October 13, 2008

Welcome to the wonderful world of education in Hawaii. No doubt you’ve heard a few things about the school system, and I am here to confirm that it is all true.

Last Friday we attended our first open house at the preschool where Taiyo has been going since August. Arriving a few minutes late, we took an open seat in the alcove near the administrative office where the principal was greeting parents with a welcome message that was about as heartfelt as a bureaucrat’s handshake. Looking around it was clear that less than half the families with children in the school had bothered to attend. And as events proceeded, it became apparent why. Nobody, including the principal, had really bothered to prepare anything beyond refreshments for the evening. Taiyo’s teacher didn’t even show up – she was on vacation. We instead relied on the hospitality of the non-native English-speaking assistant teacher and one of the rotating class aides. The hour-long session consisted of the kids playing in the classroom with intermittent conversations between the teaching assistants and those parents who were willing to approach and ask questions.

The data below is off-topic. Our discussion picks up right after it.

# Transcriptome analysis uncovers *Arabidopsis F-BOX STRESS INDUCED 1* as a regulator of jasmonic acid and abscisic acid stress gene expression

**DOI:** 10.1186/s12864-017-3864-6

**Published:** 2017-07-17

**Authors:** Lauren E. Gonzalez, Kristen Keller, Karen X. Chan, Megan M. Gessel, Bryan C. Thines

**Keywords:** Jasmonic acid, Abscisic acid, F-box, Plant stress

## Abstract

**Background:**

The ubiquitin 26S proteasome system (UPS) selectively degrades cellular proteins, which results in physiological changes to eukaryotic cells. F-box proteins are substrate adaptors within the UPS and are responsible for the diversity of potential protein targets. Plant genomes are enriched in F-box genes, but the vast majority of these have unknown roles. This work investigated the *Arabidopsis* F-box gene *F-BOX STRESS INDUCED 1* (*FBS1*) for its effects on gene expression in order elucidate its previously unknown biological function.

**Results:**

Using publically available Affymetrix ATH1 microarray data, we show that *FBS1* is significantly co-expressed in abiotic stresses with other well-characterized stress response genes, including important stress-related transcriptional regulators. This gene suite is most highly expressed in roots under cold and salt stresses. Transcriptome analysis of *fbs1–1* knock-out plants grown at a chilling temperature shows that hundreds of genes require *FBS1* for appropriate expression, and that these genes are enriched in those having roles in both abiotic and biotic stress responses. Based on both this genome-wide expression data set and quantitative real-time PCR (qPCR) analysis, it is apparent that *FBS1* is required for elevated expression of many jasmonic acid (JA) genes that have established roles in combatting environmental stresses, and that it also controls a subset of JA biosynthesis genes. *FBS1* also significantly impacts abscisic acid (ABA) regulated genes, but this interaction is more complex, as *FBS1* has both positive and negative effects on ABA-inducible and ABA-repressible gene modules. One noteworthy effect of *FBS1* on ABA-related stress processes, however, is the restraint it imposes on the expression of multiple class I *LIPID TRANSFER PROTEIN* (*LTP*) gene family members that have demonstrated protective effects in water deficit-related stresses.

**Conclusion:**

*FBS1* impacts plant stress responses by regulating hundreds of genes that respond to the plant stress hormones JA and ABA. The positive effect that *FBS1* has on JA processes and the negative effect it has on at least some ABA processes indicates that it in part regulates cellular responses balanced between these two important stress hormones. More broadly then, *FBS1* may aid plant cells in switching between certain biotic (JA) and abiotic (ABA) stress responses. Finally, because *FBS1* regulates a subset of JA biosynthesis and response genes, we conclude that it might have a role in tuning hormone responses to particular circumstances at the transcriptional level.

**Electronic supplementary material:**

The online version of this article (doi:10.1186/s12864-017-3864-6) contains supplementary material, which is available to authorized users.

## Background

Was there a presentation? No. When I asked about the daily/weekly schedule, did I receive anything resembling a detailed or coherent answer? No. Do I have any confidence whatsoever that my kid is receiving a valuable educational experience? No.

Considering we pay over $700 a month, I think I have the right to expect more than just basic daycare/social learning services. At the very least, I expect the school to make a pretense of providing more than that.

So the precedent has been set for an educational experience where, if you attend public schools, you are lucky to graduate speaking more than pidgin. In a state that perennially ranks in the bottom ten nationally in education, a state that just slashed another $45 million in education budget.

It is more obvious than ever why the only mainland haoles living here are either in their 20s or their 60s and up. No one wants to subject their kids to the education system here unless they can afford Punahou.

I’d like to end with a caveat. I don’t mean to be (though I probably sound) wholly negative about the prospect of a Hawaiian education. I have noticed that Taiyo’s alphabet and counting skills are improving, and during fire safety month, he has come home spouting the odd fact or two about what to do in a fire emergency. At the same time, as a young, concerned parent, I rely on the school for reassurance that my child is building the foundation for his future education. And I’m just not getting that.